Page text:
The WSU Day at the Capitol underwent its 10th year with 21 different undergraduate research posters and 19 projects. Many students were at the Capitol presenting for their first time. WSU President Charles Wight, also a first-timer, went around to each research poster to learn more. He said the variety of subjects represented was incredible and that most of the students at the event are finishing up and going on to medical school or graduate school.
“Oh, it’s amazing,” said Wight, surrounded by a sea of purple ties and jackets worn by WSU alumni supporters and students. “It really shows what Weber State students can accomplish as part of their undergraduate education.”
The emeritus alumni have been part of the WSU Day at the Capitol since its beginning. In previous years, they would journey up to the Capitol to speak with Utah lawmakers and remind the legislature about WSU issues. Now, for the fourth year in a row, the alumni group has invited undergraduate students to present their research projects in the rotunda of the Capitol building and hopefully gain the attention of the Utah legislative body.
Wight met with the emeritus alumni last night to discuss where WSU sits on the legislative agenda and what messages to give to legislatures in order to support WSU in the 2013 legislative session.
“I think we have great support from our local legislatures, and a lot of them are in leadership positions,” Wight said. “There is a lot of uncertainty now about not only the state budget, but the federal budget, and so it’s hard to be really predictive about what’s going to happen as the final outcome, but I know we have great support.”
The planning class in the geography department assisted students with their undergraduate research project. Brad McIlrath, a WSU student, helped with the project titled “Ogden WSU Intermodal Hub Site Plan.” The project highlighted a new plan for a WSU center in downtown Ogden where there will be a testing center and dorm-style housing. The project also highlighted a new bus route or streetcar that would travel from WSU’s Ogden campus to downtown.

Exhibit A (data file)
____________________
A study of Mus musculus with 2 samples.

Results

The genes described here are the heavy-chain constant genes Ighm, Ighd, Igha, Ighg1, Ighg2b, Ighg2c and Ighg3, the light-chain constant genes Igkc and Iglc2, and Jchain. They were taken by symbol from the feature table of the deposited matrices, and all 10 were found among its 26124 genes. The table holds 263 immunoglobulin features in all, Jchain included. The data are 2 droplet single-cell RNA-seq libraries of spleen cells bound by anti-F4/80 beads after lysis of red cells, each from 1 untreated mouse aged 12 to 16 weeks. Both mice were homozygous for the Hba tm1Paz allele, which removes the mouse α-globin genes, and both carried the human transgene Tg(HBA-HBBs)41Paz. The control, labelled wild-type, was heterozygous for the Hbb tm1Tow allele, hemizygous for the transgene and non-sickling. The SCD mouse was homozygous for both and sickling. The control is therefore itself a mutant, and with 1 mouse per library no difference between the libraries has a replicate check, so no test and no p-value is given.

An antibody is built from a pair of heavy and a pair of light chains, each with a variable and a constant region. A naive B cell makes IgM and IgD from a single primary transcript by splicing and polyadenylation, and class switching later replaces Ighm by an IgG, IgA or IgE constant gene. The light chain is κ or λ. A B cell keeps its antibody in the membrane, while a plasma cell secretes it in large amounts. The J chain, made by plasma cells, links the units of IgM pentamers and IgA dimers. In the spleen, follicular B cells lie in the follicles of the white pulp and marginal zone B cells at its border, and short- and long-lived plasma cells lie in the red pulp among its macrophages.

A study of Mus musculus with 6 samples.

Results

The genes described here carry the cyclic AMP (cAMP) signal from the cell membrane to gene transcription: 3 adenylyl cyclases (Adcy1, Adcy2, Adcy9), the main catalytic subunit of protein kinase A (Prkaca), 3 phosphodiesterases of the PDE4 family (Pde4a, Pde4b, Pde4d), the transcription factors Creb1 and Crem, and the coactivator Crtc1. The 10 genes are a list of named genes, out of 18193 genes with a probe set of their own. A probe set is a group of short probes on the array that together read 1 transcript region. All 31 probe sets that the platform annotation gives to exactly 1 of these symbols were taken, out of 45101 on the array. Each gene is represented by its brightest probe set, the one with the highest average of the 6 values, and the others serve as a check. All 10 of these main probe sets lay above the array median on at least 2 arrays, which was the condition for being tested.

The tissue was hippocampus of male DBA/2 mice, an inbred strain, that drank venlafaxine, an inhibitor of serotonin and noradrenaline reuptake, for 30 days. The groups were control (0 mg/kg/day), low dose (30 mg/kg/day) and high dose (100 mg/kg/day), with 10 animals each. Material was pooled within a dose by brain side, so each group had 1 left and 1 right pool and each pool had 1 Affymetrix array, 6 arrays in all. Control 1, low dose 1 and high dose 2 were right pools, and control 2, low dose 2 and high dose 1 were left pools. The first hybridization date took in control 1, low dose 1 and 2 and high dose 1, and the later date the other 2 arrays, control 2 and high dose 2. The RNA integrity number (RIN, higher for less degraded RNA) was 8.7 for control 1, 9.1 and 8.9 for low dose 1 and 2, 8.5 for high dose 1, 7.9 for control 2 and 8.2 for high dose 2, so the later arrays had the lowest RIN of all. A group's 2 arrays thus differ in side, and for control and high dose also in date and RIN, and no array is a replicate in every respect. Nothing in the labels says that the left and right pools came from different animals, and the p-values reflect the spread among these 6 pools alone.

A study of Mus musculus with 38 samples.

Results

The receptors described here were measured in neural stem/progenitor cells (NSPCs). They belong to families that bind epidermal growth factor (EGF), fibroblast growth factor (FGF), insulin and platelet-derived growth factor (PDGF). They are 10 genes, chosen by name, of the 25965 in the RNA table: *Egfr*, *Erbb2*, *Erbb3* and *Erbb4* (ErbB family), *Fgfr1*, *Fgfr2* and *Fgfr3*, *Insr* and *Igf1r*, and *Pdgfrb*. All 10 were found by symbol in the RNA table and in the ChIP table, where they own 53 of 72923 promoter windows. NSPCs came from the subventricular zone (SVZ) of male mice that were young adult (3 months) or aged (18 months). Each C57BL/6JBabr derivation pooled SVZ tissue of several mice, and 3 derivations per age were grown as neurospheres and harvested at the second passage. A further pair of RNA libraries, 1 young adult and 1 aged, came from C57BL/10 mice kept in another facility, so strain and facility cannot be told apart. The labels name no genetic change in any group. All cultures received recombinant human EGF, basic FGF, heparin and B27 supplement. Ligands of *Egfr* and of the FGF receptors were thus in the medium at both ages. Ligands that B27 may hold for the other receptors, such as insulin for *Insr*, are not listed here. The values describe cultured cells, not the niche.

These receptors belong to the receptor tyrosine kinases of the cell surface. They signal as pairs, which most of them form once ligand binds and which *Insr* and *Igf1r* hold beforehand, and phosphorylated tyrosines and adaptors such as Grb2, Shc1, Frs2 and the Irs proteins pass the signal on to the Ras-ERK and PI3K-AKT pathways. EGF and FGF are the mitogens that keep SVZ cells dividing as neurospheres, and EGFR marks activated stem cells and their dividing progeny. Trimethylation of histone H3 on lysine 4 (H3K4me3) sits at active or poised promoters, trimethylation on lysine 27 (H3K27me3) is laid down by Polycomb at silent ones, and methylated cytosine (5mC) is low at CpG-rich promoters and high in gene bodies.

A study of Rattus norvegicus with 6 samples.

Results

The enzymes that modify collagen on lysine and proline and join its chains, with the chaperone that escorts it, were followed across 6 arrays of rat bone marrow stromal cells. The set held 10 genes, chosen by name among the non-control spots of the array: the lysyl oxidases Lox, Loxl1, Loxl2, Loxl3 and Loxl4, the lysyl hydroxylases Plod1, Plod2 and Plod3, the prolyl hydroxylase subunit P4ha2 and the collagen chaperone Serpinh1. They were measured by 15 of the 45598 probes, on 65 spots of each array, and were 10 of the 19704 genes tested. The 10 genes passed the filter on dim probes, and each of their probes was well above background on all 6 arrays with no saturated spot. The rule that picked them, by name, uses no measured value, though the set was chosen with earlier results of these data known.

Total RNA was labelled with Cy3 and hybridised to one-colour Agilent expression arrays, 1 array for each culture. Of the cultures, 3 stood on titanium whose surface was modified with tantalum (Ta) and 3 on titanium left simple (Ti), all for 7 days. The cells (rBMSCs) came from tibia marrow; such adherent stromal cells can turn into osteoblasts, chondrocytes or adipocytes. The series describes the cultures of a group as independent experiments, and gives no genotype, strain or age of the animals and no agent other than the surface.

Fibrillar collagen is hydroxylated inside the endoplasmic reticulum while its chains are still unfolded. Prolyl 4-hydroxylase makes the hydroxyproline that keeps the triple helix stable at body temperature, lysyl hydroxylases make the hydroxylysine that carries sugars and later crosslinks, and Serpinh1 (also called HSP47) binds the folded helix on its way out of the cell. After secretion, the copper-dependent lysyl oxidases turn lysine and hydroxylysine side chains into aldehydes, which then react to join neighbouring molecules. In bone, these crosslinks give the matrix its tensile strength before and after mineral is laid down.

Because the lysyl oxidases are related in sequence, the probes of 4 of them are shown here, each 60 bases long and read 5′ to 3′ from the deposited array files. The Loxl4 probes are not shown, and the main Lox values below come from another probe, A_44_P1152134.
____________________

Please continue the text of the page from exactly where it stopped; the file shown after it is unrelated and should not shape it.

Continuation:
Although a lack of funding prevents this plan from actually occurring, McIlrath said that, as economic development increases, public transit and mass transit becomes extremely important. He also said presenting the project would help him prepare for a job in the future.
“It’s going to be valuable in that aspect, and I think it’s going to be even more valuable in trying to help Ogden City revitalize its downtown area,” McIlrath said. “This is what Weber State is doing, and this is applicable to real life.”
Besides presenting to lawmakers to keep their emphasis on WSU, these undergraduate projects also help these students prepare for medical school and beyond. Scott Nagao, a senior studying microbiology, presented his poster on a skin disease of frogs. He worked with a mentor who started the project in Texas, but Nagao still has work to do.
“I started last semester, so it’s been about 10 months or so,” Nagao said. “I’ll probably finish it midway through the summer — so a few years when all is said and done.”
Nagao said he wasn’t afraid of talking to people he doesn’t know, and this has to be a tactic in order to get the legislatures to come over to the posters.
“It’s good to get people to know that there’s stuff going on with Weber State and the Forest Service, and I also will help promote the College of Science, because it’s super-underfunded,” Nagao said. “Our science building, it was built for a certain amount of people, and we are over double that amount. . . . It’s pretty nasty up there.”
Jeremy Peterson, a representative from Ogden, said the rotunda was a good place to “mingle and meet and get good information.”
Peterson, who was outfitted in a purple tie for the occasion, also said this was his first time meeting with WSU undergraduate students and alumni.
Alex Lawrence, the vice provost for innovation and economic development, attended this year’s and last year’s Day at the Capitol, and said both years have been really good.
“The students are really doing fascinating and impressive things,” Lawrence said. “You can’t help but be impressed. I mean, they have done a lot of work, and it’s interesting work. It’s stuff that’s meaningful, things that I’m actually kind of fascinated (with). Some of the studies they’ve done, some of the work in the community — I’m impressed.”